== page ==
This story has been updated several times with comments from council transportation chair Tom Rasmussen, council member Mike O'Brien, and  Mayor Mike McGinn.

The Washington State Department of Transportation has announced that it will give the three teams bidding to build the deep-bore tunnel on the waterfront an extra year to finish building the tunnel, meaning that it may not be finished until as late as November 2016.

According to a report in the Seattle P-I, the three potential contractors told the state that the state's original deadline of 2015 may not give them enough time to build and acquire the massive tunnel-boring machines that will be required to dig the 54-foot-diameter deep-bore tunnel, or for maintenance and unforeseen events. WSDOT's new deadline for tunnel completion is the end of 2016.

Kelby Vaughan, a spokesman for the tunnel bidding team Seattle Tunneling Group, would not say anything about the request for delay.  "We don't want to comment on any of that stuff," he said. None of the other potential contractors would comment on their request.

Rumors have been swirling that one team plans to drop out of the bidding process, but we have been unable to confirm if that is the case and, if so, which team may drop out.

Irony alert: Officials who have supported moving ahead with the tunnel as quickly as possible—pointing at Mayor Mike McGinn, in particular, as an obstructionist for wanting to wait until the city has an assurance that it won't be on the hook for cost overruns—have said repeatedly that the primary cause of potential cost overruns is delay. In a blog post, city council president Richard Conlin argued that "Delaying the project only increases the danger of a catastrophe and hurts the economy and Seattle taxpayers."

I have a call in to Conlin to find out whether he thinks a potential yearlong delay increases the risk to Seattle taxpayers.

Council transportation chair Tom Rasmussen says the delay he's most concerned about is delay at the front end of the project not the back end. His reasoning: Once the state signs a design-build contract with the tunnel bidding team, the team will be locked into that contract throughout the designing and building process. Given that the bidding climate is currently favorable to government agencies (i.e., construction and materials are cheap right now), the sooner the state signs a contract, the better the price it will get.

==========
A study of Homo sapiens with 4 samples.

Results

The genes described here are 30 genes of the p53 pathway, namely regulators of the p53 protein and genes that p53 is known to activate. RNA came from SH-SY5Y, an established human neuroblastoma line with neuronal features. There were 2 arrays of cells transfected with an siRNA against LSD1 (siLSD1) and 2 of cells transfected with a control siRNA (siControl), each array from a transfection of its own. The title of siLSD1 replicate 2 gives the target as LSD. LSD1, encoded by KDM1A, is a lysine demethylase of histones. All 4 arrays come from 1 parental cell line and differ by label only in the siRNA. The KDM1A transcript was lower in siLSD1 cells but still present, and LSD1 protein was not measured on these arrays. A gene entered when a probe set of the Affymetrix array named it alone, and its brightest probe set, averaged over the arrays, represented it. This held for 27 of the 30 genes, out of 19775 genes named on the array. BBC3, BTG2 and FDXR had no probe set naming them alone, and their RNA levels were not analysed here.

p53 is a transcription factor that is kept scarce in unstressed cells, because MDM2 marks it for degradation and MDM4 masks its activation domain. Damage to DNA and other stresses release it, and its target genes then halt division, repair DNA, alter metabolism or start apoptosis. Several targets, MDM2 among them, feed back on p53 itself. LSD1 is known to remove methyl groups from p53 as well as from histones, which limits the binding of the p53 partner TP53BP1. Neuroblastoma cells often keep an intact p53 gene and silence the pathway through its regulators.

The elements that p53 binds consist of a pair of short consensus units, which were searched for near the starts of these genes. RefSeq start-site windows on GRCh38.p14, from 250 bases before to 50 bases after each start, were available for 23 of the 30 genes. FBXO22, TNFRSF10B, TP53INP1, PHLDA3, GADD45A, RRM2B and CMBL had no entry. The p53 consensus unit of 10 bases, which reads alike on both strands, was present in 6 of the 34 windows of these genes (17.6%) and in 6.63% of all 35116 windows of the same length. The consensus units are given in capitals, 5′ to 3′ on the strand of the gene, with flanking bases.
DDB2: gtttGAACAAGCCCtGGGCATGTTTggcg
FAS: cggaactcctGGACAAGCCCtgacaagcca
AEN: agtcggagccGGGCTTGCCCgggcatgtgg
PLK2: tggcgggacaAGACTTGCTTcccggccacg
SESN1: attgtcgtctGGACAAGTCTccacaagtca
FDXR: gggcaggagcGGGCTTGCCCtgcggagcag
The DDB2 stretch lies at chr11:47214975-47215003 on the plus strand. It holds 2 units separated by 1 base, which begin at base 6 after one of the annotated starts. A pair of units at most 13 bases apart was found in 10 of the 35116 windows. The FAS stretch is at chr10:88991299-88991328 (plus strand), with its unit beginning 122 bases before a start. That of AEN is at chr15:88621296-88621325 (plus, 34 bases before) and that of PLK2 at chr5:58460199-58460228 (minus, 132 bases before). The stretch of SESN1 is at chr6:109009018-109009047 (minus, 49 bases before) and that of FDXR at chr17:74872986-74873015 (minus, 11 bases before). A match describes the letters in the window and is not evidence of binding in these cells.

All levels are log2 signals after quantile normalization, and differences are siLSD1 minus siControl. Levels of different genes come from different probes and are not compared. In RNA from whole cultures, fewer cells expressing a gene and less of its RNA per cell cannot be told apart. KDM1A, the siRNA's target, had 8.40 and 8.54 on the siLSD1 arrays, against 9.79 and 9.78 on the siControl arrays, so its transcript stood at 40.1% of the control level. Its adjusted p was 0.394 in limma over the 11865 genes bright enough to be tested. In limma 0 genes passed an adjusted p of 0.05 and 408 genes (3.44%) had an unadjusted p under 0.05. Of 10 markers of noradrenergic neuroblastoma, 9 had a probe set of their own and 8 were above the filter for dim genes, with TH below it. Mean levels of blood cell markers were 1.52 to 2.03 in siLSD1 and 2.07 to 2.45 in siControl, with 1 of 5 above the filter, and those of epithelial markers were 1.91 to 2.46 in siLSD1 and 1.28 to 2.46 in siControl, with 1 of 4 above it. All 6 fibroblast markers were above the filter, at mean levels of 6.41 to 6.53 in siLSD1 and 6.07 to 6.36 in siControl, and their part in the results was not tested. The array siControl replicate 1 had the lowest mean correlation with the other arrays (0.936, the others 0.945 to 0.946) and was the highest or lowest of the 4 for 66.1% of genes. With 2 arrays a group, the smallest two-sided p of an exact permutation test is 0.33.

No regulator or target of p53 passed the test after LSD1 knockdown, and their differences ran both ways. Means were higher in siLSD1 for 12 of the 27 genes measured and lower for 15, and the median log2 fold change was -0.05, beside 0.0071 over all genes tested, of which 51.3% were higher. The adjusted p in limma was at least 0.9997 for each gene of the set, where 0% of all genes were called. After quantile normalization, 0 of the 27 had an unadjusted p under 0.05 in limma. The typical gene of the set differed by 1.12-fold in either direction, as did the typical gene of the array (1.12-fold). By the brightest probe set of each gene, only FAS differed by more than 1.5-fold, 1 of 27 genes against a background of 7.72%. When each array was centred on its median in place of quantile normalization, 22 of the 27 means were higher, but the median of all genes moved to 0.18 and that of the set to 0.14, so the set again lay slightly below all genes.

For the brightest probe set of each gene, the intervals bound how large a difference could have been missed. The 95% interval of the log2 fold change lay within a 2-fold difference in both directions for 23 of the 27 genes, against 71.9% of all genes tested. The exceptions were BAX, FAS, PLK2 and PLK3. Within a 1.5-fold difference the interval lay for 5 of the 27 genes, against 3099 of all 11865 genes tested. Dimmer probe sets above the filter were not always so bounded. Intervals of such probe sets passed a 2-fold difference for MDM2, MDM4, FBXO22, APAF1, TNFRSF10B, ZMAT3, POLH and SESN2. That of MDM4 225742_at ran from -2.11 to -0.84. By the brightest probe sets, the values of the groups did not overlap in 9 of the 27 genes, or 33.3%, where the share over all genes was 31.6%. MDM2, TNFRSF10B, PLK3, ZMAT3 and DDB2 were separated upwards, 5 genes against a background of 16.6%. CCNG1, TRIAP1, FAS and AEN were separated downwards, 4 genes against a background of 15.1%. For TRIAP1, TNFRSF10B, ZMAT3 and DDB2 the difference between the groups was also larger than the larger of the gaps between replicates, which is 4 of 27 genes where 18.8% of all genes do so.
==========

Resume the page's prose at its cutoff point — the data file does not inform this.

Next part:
"My thought is that if the state is hearing from the potential teams that might build this that they should be given months, or up to a year, longer to complete the project, you’ve got to listen to the experts," Rasmussen says. "Who wants to push a project like this at an unreasonable speed, where corners could be cut?"

City Council member Mike O'Brien says he disagrees with Rasmussen's analysis. "I don't think what happens in November or December of this year is going to tell us the whole story," O'Brien says. "We're not going to know the whole story for five years or maybe ten, if something bad happens. The idea that this fall is what's really important—I would take strong exception to that."

And O'Brien points out that the state originally said that it would take the viaduct down by 2012 because it's such a huge disaster risk. Putting demolition off until as late as 2016 would seem to contradict those expressions of concern.

"I think there should be immense pressure to take it down now," he says. "What I hear out there is, 'How dare you ask these hard questions, Mike? You're going to delay this project. We can't stand to have that thing up there a day longer.' Well, I agree that having that thing up there a day longer than needed is a real problem. So let's tear it down in 2012."

Cary Moon, head of the anti-tunnel People's Waterfront Coalition, says the request for delay is "just more proof that this is a very risky project and the contractors, who are well aware of that risk, know what needs to be done to minimize it."

Mayor Mike McGinn, meanwhile, issued the following statement: "“This is a very complex project, as the bidders and state are now confirming. We’ll be watching developments closely.” (Translation: I told you so.) McGinn's spokesman Mark Matassa declined requests for additional comment.

We have calls out to viaduct project manager Ron Paananen and city council member Mike O'Brien for comment on the potential yearlong delay.